President signs legislation creating new Idaho wilderness in Boulder and White Cloud mountains




Obama signed the Sawtooth National Recreation Area and Jerry Peak Wilderness Additions Act in the Oval Office with Republican Rep. Mike Simpson of Idaho and others behind him.

"This is a remarkable area," the president said. "It is not only beautiful, but it's also an important economic engine for the state — attracting tourism, creating jobs."

The legislation creates three new wilderness areas in the rugged Boulder and White Cloud mountains. They are the 138-square-mile Hemingway-Boulders Wilderness, the 142-square-mile White Clouds Wilderness and the 183-square-mile Jim McClure-Jerry Peak Wilderness.

Simpson had been working on wilderness designation for 15 years, trying to balance the interests of ranchers, recreationists and environmental groups. Some groups had been pushing Obama to designate a much larger area a national monument. Simpson and others have said that threat likely played a role in the wilderness bill getting through the U.S. House and Senate.

"The Boulder White Clouds area is now protected, in perpetuity, by the gold standard of preservation designations," Simpson said in a statement.

U.S. Forest Service spokeswoman Julie Thomas with the Sawtooth National Forest said boundary signs for the three wilderness areas could start going up in a month, and that the agency hopes to have maps available this fall.

The Forest Service is responsible for managing all of the Hemingway-Boulders Wilderness, and all of the White Clouds Wilderness except for 450 acres, which is being managed by the U.S. Bureau of Land Management.

Of the Jim McClure-Jerry Peak Wilderness, the majority is being managed by the Forest Service, with about 37 square miles managed by the BLM.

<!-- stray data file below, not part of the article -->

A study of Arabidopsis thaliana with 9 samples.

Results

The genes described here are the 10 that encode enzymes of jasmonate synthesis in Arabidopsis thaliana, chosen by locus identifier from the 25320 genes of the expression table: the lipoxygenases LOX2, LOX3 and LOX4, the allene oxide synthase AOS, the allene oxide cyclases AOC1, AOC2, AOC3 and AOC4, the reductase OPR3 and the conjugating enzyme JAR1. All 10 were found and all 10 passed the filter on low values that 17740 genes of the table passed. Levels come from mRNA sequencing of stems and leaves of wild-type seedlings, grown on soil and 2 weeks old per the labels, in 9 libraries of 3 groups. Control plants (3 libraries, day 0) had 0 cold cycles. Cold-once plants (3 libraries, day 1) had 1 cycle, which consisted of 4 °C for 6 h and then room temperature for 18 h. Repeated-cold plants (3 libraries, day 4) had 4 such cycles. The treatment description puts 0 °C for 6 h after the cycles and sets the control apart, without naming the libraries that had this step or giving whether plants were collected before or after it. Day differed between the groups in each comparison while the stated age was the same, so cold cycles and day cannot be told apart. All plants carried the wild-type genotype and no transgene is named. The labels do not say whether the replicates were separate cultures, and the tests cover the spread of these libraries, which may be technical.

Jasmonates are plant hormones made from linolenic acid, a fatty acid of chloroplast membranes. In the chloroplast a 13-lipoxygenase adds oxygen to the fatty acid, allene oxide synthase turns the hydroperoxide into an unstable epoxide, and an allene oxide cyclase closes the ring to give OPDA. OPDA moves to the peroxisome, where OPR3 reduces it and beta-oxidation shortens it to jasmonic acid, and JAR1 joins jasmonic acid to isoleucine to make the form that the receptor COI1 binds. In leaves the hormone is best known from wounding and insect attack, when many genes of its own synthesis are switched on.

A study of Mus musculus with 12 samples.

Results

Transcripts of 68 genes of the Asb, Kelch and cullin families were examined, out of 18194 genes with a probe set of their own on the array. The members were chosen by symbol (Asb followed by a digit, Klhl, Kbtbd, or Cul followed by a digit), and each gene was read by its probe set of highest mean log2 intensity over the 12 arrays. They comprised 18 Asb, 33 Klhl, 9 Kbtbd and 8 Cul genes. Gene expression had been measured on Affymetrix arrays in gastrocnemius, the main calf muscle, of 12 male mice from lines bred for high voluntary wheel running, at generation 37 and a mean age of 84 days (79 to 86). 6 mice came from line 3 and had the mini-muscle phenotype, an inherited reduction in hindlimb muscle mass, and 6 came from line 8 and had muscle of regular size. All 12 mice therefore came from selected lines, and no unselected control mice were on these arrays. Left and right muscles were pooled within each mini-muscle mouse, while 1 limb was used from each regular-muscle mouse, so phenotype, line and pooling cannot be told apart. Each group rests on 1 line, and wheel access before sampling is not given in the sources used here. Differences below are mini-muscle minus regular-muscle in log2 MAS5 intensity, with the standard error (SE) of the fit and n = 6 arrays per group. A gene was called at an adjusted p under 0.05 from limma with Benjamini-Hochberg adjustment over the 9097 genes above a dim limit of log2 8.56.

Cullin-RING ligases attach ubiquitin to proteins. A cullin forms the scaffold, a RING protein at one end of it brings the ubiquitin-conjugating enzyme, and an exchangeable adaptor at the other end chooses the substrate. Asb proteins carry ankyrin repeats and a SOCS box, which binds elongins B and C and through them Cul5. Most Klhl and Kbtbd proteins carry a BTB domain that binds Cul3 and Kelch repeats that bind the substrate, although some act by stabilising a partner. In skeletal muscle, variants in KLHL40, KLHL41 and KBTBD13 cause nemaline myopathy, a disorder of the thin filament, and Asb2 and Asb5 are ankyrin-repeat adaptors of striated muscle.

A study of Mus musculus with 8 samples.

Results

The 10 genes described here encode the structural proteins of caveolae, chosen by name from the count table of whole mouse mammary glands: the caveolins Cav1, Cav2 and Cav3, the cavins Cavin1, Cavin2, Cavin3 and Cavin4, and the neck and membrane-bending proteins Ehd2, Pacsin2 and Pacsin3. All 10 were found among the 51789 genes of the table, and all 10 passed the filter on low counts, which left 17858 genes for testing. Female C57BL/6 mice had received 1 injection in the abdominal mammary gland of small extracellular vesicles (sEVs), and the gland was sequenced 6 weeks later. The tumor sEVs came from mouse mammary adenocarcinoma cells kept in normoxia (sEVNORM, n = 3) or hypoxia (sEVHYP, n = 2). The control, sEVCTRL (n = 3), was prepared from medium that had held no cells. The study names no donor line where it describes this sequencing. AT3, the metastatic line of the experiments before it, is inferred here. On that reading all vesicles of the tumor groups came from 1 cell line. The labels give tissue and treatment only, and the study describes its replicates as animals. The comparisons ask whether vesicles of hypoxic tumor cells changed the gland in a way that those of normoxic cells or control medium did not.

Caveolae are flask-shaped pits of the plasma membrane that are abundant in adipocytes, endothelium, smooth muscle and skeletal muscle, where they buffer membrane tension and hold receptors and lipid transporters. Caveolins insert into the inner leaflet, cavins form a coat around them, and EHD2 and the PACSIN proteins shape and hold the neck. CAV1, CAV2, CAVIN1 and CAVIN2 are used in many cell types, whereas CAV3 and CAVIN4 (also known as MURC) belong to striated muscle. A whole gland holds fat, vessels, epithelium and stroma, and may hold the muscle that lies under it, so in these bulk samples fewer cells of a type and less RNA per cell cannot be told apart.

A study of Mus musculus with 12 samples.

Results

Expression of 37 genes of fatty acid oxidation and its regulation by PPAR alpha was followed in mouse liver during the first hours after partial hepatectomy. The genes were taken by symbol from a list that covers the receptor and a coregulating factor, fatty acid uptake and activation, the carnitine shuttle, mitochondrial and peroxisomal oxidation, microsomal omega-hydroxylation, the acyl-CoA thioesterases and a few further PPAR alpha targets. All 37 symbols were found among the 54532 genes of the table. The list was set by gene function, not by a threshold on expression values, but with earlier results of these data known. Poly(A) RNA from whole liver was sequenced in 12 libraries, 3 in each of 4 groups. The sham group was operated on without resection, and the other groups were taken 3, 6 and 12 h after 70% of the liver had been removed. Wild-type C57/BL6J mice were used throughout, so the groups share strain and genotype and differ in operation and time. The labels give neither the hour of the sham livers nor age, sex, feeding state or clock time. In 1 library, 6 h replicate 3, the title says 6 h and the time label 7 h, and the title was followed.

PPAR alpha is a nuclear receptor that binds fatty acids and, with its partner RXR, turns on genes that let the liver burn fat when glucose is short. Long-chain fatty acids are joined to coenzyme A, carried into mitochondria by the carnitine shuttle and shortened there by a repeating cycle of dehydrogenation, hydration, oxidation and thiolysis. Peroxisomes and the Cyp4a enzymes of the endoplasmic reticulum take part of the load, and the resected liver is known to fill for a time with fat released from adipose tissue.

The agencies have three years to create a joint management plan for the wilderness areas, said Jesse Bender, a BLM spokeswoman based in Idaho Falls. She said the larger of the BLM wilderness portions was already a wilderness study area.

"The management won't change significantly," she said. "It's going to be an evolving process for us."

Both agencies said they're still absorbing information and weren't immediately able to say what initial steps were planned.

"We have a lot to learn about this," Thomas said. "We have a lot to figure out."

It's not clear whether a wilderness designation will increase or decrease the number of visitors to the area. Thomas noted the Sawtooth National Recreation Area already draws 1.5 million visitors annually.

The legislation includes an option allowing grazing permit holders on land within or adjacent to the newly created wilderness areas to voluntarily retire their permits and be eligible for compensation from outside groups.

Custer County, where officials oppose restrictions on public lands, is receiving $5 million under the legislation for a county health clinic and road improvements.

Custer and Blaine counties are also each receiving individual parcels of land for various uses.